They could have just had some ice cream and cake and called it good. But to honor its founding in 1907, Mount Tabor Lutheran Church decided to celebrate by collecting 1,907 pounds of food for Crossroads Urban Center.
When the last items were put on the scale a week ago, the number had reached 2,072 pounds, more than a ton of food collected since July by Mount Tabor's small church. It's a perfect fit for a congregation with a social-action bent, says Pastor Annemarie Burke.
Mount Tabor's unorthodox architecture, as much as anything, has created a church full of people who get involved, says long-time member Deb Elstad. The round structure on the corner of 700 East and 200 South has a pulpit-in-the-round interior, so that the people in the pews see the faces of other congregants, rather than just the backs of their heads.
"You connect, and because of that we say it's really hard to be a 'pew-sitter,"' says Elstad. Most members are involved in some kind of social outreach — from Habitat for Humanity to the Food Bank to Family Promise to the Crossroads Urban Center — as well as on church committees, she says.
"I believe that if you visit our church you know you're not invisible; you can't hide for long," laughs Elstad. "I think it begs people to get involved." The congregation also is known for its enthusiastic singing, she says. "It pretty much knocks people out of their seats when they come to visit."
The original church building still stands at E Street and First Avenue, but the church community moved in 1964 to the round building on 700 East. Architect Charles D. Peterson, a church member, says he came up with the design as a way to fit the church and parking lot on a small piece of land. "It had to be something very self-contained," Peterson says, "and slowly it evolved into a circle."
Mount Tabor was founded in the early days of the 20th century by Danish immigrants and was funded, says Elstad, by the state church of Denmark, the United Danish Evangelical Lutheran Church. That church sent missionaries to Utah ("a reverse mission," she calls it) and donated $15,000 to purchase the land on E Street.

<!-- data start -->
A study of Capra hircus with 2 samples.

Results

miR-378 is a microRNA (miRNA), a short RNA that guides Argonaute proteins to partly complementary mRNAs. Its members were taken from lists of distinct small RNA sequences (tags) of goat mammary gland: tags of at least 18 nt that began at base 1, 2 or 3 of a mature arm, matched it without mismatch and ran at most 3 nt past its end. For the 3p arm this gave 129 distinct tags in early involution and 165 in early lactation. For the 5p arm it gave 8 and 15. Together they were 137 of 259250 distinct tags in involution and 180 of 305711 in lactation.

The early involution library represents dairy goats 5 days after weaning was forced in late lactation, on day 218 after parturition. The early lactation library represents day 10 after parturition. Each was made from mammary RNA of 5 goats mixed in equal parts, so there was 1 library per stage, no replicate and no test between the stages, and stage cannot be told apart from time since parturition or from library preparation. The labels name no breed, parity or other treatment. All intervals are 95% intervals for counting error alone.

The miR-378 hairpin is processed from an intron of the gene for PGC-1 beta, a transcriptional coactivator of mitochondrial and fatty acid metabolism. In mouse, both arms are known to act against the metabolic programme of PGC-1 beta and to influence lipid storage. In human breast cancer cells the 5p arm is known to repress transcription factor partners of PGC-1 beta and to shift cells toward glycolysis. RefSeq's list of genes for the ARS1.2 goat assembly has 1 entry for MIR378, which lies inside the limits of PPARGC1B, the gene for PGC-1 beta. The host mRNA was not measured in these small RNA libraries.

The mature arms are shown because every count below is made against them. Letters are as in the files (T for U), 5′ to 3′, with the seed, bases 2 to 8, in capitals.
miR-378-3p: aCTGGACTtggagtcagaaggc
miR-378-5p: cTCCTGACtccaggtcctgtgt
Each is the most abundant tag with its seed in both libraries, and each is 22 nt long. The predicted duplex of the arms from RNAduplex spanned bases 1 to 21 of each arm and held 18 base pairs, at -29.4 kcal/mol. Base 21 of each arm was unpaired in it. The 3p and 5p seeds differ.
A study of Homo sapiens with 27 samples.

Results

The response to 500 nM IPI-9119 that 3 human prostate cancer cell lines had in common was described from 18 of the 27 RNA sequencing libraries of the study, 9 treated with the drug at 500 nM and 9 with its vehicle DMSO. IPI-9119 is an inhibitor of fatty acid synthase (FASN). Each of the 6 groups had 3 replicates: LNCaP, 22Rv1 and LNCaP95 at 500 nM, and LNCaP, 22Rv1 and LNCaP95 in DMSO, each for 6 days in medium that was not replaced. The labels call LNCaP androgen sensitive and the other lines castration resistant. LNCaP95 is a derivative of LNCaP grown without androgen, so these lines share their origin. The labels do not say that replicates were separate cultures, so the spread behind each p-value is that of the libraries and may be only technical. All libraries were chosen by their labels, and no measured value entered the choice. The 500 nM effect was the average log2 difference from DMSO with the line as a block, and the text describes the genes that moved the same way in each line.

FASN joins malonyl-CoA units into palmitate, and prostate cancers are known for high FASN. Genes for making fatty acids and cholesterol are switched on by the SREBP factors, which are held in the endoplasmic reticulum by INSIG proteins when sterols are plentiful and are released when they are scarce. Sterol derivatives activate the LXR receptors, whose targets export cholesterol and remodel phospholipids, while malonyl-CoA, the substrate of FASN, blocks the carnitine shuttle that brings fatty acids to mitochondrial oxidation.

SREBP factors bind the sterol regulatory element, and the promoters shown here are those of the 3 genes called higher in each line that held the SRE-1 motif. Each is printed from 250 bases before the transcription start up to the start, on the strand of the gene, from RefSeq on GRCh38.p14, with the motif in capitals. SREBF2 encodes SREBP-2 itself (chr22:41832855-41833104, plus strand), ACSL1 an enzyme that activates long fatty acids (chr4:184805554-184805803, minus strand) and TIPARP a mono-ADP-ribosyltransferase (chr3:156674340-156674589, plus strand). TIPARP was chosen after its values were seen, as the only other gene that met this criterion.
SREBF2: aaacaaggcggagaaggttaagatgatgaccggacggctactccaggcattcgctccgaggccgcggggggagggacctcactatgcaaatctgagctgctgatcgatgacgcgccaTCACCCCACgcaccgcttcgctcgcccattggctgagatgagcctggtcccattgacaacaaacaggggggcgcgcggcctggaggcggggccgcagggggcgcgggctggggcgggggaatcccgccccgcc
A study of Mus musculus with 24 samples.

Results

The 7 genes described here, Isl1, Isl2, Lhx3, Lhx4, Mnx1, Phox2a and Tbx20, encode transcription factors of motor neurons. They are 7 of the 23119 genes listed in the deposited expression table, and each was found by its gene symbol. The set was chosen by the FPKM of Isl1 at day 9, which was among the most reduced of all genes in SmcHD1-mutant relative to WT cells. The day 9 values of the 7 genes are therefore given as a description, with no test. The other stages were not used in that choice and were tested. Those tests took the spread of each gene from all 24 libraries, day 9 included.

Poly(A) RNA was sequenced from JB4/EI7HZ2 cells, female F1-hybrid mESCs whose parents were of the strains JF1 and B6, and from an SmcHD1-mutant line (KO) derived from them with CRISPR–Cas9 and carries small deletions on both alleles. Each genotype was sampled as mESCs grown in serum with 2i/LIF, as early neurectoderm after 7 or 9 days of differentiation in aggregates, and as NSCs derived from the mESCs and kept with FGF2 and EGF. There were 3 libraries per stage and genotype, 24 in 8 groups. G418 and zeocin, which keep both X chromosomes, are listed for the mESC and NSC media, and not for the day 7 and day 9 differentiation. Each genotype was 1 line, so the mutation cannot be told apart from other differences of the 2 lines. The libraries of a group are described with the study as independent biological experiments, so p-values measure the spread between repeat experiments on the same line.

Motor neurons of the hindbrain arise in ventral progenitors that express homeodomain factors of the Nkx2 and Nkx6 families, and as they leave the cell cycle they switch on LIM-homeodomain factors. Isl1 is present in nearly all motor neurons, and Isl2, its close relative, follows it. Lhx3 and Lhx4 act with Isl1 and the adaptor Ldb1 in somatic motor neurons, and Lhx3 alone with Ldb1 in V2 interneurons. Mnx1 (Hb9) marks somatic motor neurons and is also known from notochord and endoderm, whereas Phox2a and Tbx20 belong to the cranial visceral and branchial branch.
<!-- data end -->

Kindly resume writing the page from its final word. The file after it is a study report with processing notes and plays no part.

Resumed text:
Today there are 250 members, with about 90 worshipping on a typical Sunday, says Pastor Burke. The congregation comes from all over the Wasatch Front, from South Jordan to Farmington.
The 100th birthday celebration includes a wine and cheese party at 7 p.m. today, followed by a concert at 7:45 p.m. that will feature Mount Tabor's veteran organist, Gordon Smith. Alumni choir director Brian Priebe and his wife, Linda, now a professional mezzo-soprano who made her Lincoln Center debut in New York in August, will join current choir director, Harry Heightman. The public is invited.
Sunday's service at 10:30 a.m. will feature former pastors Arthur Sorenson, Tony Auer, Carol West, Grant Aaseng, Howard Corry and Steve Leiser, as well as current minister, Pastor Burke.
Cans and boxes of food likely will keep coming into Mount Tabor, as part of the church's ongoing weekly food drive for Crossroads Urban Center. That's a good thing, says Crossroads pantry director Rachel Fischbein.
"This time of year, we're hurting more than ever." During the summer and fall, before Thanksgiving, she says, hunger "isn't on people's minds." Except for the hungry, of course.